Accounts receivable invoice factoring are terms used to describe the practice of a business selling outstanding accounts receivable invoices to a factoring company in exchange for immediate cash. The business that sells its invoices benefits from invoice factoring in several ways. One of the most critical benefits is that the business receives immediate payment on its invoices, instead of having to wait up to several months for its customers to pay their outstanding invoices. The factoring company benefits as well, because it collects a fee for each invoice it purchases. But prior to purchasing the invoices, the factoring company is also able to decide which invoices it wants – and it may opt to select only the invoices that are highly likely to be paid.
The concept of factoring invoices has been around for a very long time. But in today’s modern world, invoice factoring has become more popular, more accepted, and widely available to businesses in a wide variety of industries. The main two characteristics of the type of business that can benefit from invoice factoring are: 1) the business has accounts receivable invoices that are outstanding, and 2) the business’s customers are creditworthy. There are several industries where businesses commonly opt for invoice factoring, but businesses that are in industries not typically served by invoice factoring companies, are hardly ever excluded from this beneficial option, as long as they meet the right criteria.
Following are examples of industries that commonly utilize invoice factoring:
Businesses that are Awarded Government Contracts: It’s excellent news when a business wins a government contract. However, government entities (local, state, federal, etc…) are often slow at paying their invoices. Governments, however, are almost always creditworthy. Therefore, businesses often choose to factor their government invoices.
Textile/Clothing Manufacturers: Finding a textile manufacturer that either doesn’t factor its invoices or has not considered invoice factoring is rare. Clothing manufacturers must pay for the materials they use during the manufacturing process long before the final product is sold, and payment is ultimately received. In order to keep a positive cash flow, textile manufacturers often utilize invoice factoring.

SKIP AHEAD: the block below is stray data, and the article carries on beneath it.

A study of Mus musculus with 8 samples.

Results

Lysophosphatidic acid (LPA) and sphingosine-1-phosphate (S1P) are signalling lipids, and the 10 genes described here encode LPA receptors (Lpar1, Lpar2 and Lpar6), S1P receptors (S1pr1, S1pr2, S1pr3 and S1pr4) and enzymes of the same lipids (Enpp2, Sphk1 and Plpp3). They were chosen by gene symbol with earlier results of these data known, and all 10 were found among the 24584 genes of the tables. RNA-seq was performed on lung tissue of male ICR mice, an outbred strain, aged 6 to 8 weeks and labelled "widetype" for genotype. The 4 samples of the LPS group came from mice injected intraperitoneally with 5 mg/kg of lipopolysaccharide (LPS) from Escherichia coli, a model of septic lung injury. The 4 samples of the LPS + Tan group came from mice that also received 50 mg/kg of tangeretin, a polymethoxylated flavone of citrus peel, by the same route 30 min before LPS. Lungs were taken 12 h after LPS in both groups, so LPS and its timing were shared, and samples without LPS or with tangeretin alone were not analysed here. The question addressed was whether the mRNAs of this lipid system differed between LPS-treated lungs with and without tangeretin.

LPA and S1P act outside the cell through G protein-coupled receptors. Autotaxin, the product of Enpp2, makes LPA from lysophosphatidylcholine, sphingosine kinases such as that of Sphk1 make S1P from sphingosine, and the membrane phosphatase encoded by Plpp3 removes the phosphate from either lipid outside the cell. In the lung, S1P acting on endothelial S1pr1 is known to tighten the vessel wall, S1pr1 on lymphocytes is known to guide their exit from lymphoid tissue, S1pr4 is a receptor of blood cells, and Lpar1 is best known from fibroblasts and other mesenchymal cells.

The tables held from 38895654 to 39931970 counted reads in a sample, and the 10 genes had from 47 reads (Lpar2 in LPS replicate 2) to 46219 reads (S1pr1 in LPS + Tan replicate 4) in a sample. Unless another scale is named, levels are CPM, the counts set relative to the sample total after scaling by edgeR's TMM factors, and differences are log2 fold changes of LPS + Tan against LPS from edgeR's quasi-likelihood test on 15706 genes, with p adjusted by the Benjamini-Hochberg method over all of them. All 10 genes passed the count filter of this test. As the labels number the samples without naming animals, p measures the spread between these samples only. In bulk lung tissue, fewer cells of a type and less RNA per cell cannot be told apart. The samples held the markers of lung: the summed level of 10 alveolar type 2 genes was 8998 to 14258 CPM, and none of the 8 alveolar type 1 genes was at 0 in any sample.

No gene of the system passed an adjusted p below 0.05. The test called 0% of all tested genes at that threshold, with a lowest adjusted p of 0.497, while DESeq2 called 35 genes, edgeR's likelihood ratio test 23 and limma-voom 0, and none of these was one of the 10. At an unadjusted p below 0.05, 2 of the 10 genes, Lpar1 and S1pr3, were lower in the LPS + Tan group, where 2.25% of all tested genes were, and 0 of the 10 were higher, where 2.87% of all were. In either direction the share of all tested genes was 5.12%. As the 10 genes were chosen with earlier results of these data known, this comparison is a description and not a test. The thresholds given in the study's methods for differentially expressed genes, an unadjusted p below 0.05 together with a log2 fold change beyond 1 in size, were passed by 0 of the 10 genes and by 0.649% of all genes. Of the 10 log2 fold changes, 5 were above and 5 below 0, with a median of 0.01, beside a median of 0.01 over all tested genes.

Temp Agencies, Employment Agencies, Staffing Agencies, and Recruitment Agencies: It’s extremely common for businesses in the employment industry to utilize invoice factoring for one simple reason: such agencies must pay their contracted workers before they receive payment from their clients. When contracted workers sign on with a temp, employment, staffing or recruitment agency, they are guaranteed quick payments (usually within a week of their submitted invoice). Oftentimes, the agency must wait several months for payment from their clients. Invoice factoring comes in very useful in this type of situation.
Trucking: A few of the most significant expenses associated with the trucking industry are the cost of fuel, payroll and truck maintenance. When a trucking business is not paid by its clients for 30, 60 or 90 days after invoice are submitted, it can be difficult to keep a positive cash flow. Invoice factoring solves this problem.
Construction: Large construction projects often take months or years to complete. However, workers need to be paid on time, and construction projects involve expenditures. When payment-in-full for a completed construction project is not available until the project is done, invoice factoring allows a construction business to meet its payroll demands and pay for materials and other expenses prior to the conclusion of the project.
The above industries that often utilize invoice factoring are merely examples. Businesses that might benefit from factoring their invoices are endless – as long as the businesses (and their clients/customers) meet the required criteria. Invoice factoring is an excellent financial tool that has been keeping businesses within many industries afloat financially for decades.
Editor’s Note: Greg Curtiss is President of The Invoice Bankers. Mr. Curtiss previously was a lawyer and has passed the CPA exam. He has been in business for over 25 years. You can reach him by calling 303-740-7600 or 1-888-740-1750.